Tens of thousands of universal life insurance policyholders are in danger of having their policies terminated early. AXA, Trans-america and Voya are among the insurance companies that are beginning to drain accounts of these policies to make up for a shortfall in their investment returns, and other insurers are expected to follow.

Insurers say it is necessary because in recent years, market interest rates have been much lower than anticipated and are expected to continue to be fairly low. Policies issued as far back as the 1980s and up to 2007 are at greatest risk.

Universal life insurance policies include a tax-advantaged savings component in addition to a death benefit. Insurers typically do not raise the premiums throughout the life of the policy, and the cash value of the account typically increases. But because investment returns for the insurers have been falling short, the fine print allows them to increase fees, which reduces the cash value—in effect draining the account. That could mean that policies—which typically are written to expire when the policyholder reaches an age somewhere between 87 and 121—will terminate 10 or more years early if policyholders do not pay more in premiums.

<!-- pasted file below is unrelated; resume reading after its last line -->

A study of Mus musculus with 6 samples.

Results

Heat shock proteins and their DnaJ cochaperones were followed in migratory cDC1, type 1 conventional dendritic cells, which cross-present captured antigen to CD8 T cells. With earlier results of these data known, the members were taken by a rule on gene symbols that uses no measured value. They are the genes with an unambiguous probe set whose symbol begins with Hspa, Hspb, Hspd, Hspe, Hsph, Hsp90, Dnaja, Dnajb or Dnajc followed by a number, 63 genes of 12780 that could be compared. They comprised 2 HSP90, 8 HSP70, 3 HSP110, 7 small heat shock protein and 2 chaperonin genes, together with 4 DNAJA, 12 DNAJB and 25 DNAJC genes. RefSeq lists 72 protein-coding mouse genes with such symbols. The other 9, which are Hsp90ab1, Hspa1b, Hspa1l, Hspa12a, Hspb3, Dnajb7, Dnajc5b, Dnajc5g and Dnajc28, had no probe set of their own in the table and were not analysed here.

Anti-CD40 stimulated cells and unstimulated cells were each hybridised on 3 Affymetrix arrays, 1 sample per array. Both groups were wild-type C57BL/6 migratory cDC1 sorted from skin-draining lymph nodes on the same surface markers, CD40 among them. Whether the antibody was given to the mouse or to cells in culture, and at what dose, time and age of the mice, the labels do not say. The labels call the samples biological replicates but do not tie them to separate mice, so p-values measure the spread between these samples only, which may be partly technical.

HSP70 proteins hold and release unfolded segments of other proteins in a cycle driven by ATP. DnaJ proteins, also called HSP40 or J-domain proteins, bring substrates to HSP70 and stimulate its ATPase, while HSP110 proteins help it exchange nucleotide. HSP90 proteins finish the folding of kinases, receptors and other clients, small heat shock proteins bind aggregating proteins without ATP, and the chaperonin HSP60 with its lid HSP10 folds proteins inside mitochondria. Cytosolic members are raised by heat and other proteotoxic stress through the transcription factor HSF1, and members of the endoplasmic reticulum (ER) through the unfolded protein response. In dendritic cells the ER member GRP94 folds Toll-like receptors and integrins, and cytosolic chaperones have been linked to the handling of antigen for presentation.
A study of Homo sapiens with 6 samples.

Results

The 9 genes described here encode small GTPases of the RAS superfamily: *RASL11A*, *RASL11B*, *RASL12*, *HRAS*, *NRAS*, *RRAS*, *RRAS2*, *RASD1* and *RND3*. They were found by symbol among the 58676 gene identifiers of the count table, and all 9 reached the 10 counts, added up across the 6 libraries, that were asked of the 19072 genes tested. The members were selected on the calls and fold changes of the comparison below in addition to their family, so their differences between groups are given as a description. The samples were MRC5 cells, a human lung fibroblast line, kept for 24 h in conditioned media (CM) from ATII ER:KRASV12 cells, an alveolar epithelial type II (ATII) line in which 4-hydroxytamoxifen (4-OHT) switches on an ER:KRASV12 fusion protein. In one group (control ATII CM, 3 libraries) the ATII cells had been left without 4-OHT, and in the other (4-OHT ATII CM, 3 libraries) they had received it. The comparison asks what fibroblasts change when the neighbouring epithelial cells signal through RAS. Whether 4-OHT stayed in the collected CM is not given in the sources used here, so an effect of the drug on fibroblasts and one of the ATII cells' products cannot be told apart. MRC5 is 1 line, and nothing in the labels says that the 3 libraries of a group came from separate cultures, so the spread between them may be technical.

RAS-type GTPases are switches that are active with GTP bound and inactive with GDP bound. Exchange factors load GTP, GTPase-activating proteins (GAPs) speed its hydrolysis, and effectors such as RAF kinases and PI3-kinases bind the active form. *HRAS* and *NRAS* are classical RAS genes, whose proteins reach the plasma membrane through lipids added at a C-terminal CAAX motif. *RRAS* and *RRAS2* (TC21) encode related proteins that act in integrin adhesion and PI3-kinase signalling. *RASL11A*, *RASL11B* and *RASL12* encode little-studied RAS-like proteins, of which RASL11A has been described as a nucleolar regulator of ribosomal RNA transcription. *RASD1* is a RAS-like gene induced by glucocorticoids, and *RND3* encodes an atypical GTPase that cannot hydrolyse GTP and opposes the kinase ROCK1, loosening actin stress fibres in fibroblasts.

The insurers are not necessarily informing policyholders that this is happening or may do so in language that is hard to interpret.

Steps you can take…

• Ask your insurer for an “in-force illustration” of higher premiums you could pay to avoid having your policy terminate early.

• Alternatively, consider accepting a lower death benefit.

For a free guide on how to get details from the insurer and a form letter to send to your insurer asking for the information, you can go to the website InsuranceLiteracy.org/insurance-annual-review-guides.